A thunderous silence is the best response to the Others
The drones of official Ireland seem to think that 'Seanad reform' is a serious matter, writes Declan Lynch
Published 22/09/2013 | 05:00
I AM proud of you all. A few months ago I suggested that everyone should feel free to have absolutely nothing to do with the Seanad debate. That there is a natural tendency to think that you should get involved in these matters, some ancient sense of civic engagement, but that in this case, you should release yourself from all such thoughts.
And my, how you have responded.
So complete has been the silence all across the country, it seems that the message has resonated at the deepest level. Of all the people that I have encountered in the meantime, in so many situations, not one of them has spoken of this Seanad referendum. Not ... one ... word .
Nor have I overheard anyone talking about it, or even mentioning it on their way to talking about something else, or in any way engaging with this matter, in any meaningful sense.
Again, I am proud, and you must also be proud this morning, as you reflect on the total non-existence of this Seanad debate on the living planet – by your silence, you have helped to make that happen.
Not that it was a huge ask, I know. When you have gone through life rarely even speaking the word "Seanad" outside of an institutional setting, you have trained yourself without even realising it.
But still ... well done, you.
"You", of course, are a normal person. You have got "a life". You had no trouble understanding what I meant when I pointed out that there were two sides to this debate, for and against, and both of them are bullshit. You recognised the uniqueness of it, the fact that the yin yang dynamic – bullshit/not bullshit – which governs our actions and reactions had somehow gone awry here.
You realised that this was not a "debate", it was just a class of people in
politics and journalism and broadcasting droning away to one another, keeping themselves amused, feeding their own chronic addiction to the game.
You understood that this was an idea born in the most pure bullshit, in the mind of a Fine Gael leader trying desperately to draw attention to himself. And you took it from there ...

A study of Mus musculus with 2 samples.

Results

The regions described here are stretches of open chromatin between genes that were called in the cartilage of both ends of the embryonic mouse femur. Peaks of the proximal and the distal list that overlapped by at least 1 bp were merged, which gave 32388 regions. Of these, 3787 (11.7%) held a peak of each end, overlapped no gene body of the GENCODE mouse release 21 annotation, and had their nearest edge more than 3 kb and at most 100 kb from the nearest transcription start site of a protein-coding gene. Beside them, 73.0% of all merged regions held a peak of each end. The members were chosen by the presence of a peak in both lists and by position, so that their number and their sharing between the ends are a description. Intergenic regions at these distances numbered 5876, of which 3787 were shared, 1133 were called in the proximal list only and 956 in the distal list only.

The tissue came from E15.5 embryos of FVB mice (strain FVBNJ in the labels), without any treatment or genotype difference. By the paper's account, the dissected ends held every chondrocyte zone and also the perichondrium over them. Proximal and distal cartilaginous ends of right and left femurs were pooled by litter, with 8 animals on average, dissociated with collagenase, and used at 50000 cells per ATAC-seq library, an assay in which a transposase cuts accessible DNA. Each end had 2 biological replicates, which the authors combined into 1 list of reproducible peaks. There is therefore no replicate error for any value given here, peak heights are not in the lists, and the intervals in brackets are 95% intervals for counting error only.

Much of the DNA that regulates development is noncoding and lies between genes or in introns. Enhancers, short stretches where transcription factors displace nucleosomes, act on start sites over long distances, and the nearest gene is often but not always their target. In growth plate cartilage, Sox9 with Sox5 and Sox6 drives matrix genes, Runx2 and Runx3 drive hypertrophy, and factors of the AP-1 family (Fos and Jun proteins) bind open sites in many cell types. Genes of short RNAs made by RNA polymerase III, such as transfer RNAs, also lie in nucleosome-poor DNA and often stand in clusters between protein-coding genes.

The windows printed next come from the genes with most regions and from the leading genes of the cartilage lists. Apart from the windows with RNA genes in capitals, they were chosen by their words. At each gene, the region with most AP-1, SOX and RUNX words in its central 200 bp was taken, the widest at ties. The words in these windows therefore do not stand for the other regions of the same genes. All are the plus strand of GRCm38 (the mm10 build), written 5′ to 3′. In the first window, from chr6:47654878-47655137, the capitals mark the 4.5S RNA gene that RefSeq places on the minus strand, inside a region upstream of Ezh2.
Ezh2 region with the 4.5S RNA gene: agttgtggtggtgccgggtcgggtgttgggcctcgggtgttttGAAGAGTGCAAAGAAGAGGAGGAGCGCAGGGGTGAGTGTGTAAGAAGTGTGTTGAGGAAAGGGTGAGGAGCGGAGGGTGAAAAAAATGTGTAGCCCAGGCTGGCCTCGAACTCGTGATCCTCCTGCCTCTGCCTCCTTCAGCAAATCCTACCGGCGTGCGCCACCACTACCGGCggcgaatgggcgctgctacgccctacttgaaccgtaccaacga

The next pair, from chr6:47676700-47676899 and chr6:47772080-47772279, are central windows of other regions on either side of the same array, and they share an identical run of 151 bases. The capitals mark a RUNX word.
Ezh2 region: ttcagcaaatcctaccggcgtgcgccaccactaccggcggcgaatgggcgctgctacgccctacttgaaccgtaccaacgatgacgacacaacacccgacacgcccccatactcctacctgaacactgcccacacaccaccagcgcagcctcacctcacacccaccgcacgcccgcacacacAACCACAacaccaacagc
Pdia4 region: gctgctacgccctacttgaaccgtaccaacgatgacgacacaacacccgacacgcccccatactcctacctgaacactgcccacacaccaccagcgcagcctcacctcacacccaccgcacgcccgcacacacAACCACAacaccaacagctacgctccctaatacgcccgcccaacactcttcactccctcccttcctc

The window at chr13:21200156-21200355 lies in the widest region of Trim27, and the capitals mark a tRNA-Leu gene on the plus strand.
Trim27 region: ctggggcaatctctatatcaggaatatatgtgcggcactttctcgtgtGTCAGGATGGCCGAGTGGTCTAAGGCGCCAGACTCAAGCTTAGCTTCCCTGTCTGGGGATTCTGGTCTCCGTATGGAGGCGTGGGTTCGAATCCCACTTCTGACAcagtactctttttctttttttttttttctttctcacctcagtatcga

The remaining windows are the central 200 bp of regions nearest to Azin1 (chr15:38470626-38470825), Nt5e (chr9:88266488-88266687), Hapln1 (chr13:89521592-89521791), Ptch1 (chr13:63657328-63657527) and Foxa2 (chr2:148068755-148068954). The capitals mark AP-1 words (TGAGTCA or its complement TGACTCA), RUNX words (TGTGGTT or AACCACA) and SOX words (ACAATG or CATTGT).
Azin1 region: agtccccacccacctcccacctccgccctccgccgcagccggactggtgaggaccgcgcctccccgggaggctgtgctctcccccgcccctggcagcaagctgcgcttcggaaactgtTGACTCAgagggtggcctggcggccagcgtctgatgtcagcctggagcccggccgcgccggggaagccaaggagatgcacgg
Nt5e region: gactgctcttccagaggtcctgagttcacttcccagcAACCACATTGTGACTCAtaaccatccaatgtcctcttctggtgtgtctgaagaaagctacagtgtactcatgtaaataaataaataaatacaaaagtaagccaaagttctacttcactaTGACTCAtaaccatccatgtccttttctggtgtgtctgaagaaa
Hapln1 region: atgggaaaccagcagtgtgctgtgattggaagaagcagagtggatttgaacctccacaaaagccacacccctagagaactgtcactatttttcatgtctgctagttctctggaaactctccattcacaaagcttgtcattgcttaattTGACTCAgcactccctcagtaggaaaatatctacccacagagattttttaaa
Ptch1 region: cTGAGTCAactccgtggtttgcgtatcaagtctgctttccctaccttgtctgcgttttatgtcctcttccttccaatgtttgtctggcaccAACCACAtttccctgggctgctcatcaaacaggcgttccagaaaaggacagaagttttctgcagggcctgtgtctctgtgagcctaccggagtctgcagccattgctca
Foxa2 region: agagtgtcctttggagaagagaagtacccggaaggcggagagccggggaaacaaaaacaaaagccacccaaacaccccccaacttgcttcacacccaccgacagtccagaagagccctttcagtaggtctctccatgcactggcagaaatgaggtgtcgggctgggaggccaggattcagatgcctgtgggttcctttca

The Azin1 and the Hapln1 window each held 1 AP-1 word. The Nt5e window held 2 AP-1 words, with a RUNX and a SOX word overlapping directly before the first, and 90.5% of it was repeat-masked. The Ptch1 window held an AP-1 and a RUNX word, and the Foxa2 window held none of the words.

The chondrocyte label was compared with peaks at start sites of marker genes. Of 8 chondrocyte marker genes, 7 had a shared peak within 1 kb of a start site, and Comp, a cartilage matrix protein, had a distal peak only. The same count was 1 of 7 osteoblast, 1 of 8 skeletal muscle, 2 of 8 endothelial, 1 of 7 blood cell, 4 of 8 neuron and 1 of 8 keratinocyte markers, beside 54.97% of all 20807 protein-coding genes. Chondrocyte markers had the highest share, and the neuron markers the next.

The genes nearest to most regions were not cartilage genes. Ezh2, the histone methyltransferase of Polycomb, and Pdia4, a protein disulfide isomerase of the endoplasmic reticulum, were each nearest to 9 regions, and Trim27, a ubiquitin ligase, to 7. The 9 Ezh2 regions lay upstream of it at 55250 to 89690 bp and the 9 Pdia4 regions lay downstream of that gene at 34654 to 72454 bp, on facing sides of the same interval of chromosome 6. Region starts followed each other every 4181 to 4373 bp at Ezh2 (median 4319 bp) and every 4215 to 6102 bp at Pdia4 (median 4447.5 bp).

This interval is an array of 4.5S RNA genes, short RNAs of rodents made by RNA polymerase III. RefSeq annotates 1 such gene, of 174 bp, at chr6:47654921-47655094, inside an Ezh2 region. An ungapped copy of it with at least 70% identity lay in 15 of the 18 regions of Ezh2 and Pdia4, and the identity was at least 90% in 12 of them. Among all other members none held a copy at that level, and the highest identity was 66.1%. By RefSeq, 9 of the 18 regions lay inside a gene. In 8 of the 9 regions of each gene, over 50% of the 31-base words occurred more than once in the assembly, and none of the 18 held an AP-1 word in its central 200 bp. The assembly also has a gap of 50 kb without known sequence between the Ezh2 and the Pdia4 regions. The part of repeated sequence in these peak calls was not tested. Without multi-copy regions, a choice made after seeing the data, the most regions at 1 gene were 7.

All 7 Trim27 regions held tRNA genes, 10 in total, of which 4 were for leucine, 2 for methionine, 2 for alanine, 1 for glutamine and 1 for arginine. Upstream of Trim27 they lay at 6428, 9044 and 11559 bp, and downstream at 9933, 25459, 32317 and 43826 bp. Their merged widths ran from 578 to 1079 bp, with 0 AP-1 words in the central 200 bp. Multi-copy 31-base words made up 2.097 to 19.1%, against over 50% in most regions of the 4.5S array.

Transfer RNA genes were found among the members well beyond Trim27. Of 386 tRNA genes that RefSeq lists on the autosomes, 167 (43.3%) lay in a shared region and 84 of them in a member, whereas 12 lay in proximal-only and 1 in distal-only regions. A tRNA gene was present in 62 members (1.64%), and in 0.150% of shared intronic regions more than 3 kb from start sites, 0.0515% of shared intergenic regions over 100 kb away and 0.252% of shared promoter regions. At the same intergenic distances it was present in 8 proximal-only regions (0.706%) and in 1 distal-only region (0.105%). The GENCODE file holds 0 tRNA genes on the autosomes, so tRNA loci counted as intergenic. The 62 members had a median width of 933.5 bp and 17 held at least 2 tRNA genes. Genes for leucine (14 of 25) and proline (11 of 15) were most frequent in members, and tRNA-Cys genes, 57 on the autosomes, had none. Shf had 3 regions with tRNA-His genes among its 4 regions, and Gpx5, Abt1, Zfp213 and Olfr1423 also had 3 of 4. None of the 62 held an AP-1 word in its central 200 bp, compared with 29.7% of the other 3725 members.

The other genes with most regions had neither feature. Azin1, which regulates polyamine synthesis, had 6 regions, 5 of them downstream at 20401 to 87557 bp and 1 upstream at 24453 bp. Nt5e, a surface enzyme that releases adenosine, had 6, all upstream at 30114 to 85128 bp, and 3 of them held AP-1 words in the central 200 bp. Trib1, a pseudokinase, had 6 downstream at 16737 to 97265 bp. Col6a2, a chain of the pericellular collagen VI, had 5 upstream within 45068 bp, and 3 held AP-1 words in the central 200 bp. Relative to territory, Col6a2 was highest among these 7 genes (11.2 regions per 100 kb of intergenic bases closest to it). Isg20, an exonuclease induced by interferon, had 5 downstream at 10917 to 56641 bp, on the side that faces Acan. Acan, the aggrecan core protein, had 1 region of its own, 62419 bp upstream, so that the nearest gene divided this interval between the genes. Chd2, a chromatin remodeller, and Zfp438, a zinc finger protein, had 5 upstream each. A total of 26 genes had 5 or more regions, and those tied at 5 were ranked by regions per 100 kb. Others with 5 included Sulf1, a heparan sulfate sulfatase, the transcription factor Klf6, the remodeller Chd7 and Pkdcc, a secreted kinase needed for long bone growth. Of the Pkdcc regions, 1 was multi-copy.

It has been called bread-and-circuses, a cynical distraction from the main event, but bread can be good for you and circuses can be entertaining. So bullshit-on-bullshit would be more accurate.
Yes, I appreciate the argument in favour of a second chamber which contains people who have lived a bit and read a few books, except I note that not even the presence of our greatest writer – WB Yeats – and of TK Whitaker himself could make much difference. In the culture of Leinster House, we are always eventually in "the arena in the unwell".
Which could start quite an interesting discussion, so we're not going to get that one.
Ah, but who am I telling? You guys know this, and you have responded in the only way open to a mature person – you have walked away from it, and you will be back only to vote against the Government, because it started it all.
It is the others we must be concerned about today. The Others.
Like the main characters in the film of that name, the protagonists in this exercise seem to exist in some other dimension, not the one in which the majority of us are living.
Not only are they utterly estranged from the true interests of the people, they mock them. It so happened that their incessant twaddle was interrupted one day with the story that John Waters had spent a few hours in jail for refusing to pay a parking fine in Dun Laoghaire. And that he had extrapolated from this, various truths about the nature of society and of the human condition .
Oh, how they laughed.
So consumed were they by their own mirth, they seemed to miss a few things. As they jeered about the trivial nature of Waters' "crime", it did not occur to them that one of the essential skills of journalism is the ability to see the broader significance of an apparently "trivial" event.
And if they knew anything at all, about anything, they would know that there are quite a few people in the outside world who have never regarded issues such as clamping as being of a minor nature. In fact, they are enraged by it on many levels.
In Dun Laoghaire, it is said that the parking policies have stopped people from making a living, have ruined them.
Indeed, any normal person whose car has ever been clamped wouldn't regard it as trivial, but I can tell you what they would regard as trivial – yes, I think you know where I'm going with this .
Indeed they would probably have a great old laugh at the notion that someone might be willing to spend a day in jail in relation to some genuinely nonsensical issue like, say, "Seanad reform".
But if the drones of Official Ireland were told that someone had been jailed for his stance on Seanad reform, in the mind's eye you can see them putting on the serious face, and breaking into that dinner-party murmur of theirs about a notable contribution to democracy ... a significant intervention in the debate ... an important contribution ...
In the shrunken universe which they inhabit, they have nothing else to do.